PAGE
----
Beyond the crisis in Libya, what's making energy markets nervous — and driving up oil prices — is concern about Saudi Arabia.
The world's largest oil exporter is dealing with protests at home, although smaller in scale than those in nearby countries. Larger demonstrations in neighboring Bahrain have oil traders fearing the unrest could spill across the border.
With the entire region in upheaval, it would be a mistake to think the Saudis have shielded themselves from the anger that ousted leaders in Egypt and Tunisia, Barclays analyst Helima Croft said. The string of rebellions in North Africa and the Middle East took the world by surprise, forcing a fundamental realignment of the region's political power.
"You could say, they're rich, (King) Abdulla's popular, no problem," Croft said. But anything is possible. "If anyone had asked us in January whether (Egypt's) Hosni Mubarak would be gone, most of us would have said 'absolutely not.'"
More than 17,000 Saudis have signed up on a Facebook page calling for a "Day of Rage" on Friday, according to Barclays Capital. That's despite King Abdulla's recent announcement of a $36 billion program for employment, housing and education.
Saudi Arabia has also increased production to make up for a drop in Libyan exports caused by the uprising in the smaller OPEC nation.
Doing so, however, will cut into the country's surplus supply for months. Investment banks said Tuesday the move will put enough pressure on world supplies to keep oil prices at elevated levels this spring.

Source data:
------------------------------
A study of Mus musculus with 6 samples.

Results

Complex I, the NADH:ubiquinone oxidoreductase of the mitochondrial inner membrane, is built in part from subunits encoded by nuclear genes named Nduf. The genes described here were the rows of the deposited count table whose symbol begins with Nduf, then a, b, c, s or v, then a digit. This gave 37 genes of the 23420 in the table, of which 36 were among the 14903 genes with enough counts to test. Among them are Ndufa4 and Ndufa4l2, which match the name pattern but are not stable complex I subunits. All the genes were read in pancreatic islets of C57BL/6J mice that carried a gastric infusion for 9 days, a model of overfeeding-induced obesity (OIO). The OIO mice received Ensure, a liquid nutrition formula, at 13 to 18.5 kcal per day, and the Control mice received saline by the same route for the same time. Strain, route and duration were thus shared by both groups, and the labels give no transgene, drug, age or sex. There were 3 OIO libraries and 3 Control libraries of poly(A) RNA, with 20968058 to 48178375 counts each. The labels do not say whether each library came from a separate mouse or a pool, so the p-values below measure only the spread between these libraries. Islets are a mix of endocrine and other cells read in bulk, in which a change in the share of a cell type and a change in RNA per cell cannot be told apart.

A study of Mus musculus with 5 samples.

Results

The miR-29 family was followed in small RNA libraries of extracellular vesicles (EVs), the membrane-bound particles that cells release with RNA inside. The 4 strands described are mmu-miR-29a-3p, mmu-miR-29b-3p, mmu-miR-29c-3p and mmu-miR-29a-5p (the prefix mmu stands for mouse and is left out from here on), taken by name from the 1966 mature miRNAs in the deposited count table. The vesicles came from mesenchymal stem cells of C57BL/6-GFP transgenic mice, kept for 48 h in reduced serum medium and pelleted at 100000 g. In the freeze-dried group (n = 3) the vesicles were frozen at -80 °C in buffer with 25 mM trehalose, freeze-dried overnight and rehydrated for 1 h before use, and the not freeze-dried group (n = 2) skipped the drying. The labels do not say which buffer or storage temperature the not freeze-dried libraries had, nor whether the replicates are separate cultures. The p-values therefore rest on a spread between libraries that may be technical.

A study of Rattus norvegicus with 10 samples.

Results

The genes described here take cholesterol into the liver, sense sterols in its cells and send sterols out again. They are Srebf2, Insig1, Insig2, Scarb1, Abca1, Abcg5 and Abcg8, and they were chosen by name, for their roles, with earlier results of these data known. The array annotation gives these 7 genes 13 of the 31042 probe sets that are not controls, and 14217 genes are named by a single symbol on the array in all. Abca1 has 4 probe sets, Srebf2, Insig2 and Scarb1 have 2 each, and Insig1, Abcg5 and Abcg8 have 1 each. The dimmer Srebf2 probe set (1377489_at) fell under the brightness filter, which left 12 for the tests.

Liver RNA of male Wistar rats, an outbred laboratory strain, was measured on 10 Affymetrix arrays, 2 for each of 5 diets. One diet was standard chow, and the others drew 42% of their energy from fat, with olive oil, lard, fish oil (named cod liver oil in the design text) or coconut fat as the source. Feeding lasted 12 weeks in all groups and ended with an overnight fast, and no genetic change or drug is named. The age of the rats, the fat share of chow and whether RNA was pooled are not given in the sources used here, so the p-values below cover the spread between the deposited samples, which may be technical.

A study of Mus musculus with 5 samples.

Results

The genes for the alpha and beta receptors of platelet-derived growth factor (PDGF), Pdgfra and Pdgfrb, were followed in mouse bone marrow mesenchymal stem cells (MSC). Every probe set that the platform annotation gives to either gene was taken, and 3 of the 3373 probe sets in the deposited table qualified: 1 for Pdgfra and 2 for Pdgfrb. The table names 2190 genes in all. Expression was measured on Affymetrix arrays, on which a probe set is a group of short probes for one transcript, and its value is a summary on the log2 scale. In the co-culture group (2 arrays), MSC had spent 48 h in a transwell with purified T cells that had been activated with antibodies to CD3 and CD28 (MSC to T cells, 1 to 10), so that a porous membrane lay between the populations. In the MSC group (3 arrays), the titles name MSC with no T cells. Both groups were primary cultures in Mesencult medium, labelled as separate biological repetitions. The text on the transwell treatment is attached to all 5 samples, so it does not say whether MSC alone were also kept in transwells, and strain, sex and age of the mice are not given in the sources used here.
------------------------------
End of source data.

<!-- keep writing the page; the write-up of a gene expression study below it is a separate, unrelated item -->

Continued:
Oil prices have jumped about $20 per barrel since mid-February when the Libyan uprising escalated.
Experts agree that a resolution to that crisis won't necessarily stop oil prices from heading higher.
Analyst and oil trader Stephen Schork said the market is waiting for a sign that the entire region is headed toward a peaceful outcome that will keep crude exports flowing. "That's months away," he said.
That's bad news for drivers in the U.S., where the average price for gasoline has risen about 39 cents per gallon in three weeks, topping $3.50.
Oil futures did decline Tuesday, after OPEC ministers discussed whether to ramp up oil production to make up for Libya's lost exports.
Benchmark West Texas Intermediate crude for April delivery fell 55 cents $1.64 to $104.893.81 per barrel on Tuesday. In London, Brent crude dropped $1.78 to $113.26 per barrel on the ICE Futures exchange.
Libya produced 1.6 million oil barrels per day before fighting forced companies to evacuate workers. Most of that production is been shut down.
Saudi Arabia's oil minister said the kingdom has about 3.5 million barrels per day of spare capacity that could be brought online.
"Saudi Arabia will continue to reliably meet the world's petroleum needs," minister Ali Naimi said.
Boosting production now might cool off overheated energy prices, but experts warn OPEC could weaken its ability to manage global supplies later this year.
Michael Lynch, president of Strategic Energy & Economic Research, said the main concern in the oil market is whether the governments of Saudi Arabia and Iran — OPEC's No. 2 producer — will be dramatically affected by the wave of pro-reform uprisings.
Raising production now "would have a minor calming effect on the market," Lynch said. "Other than that, it's not going to take us back below $100" per barrel.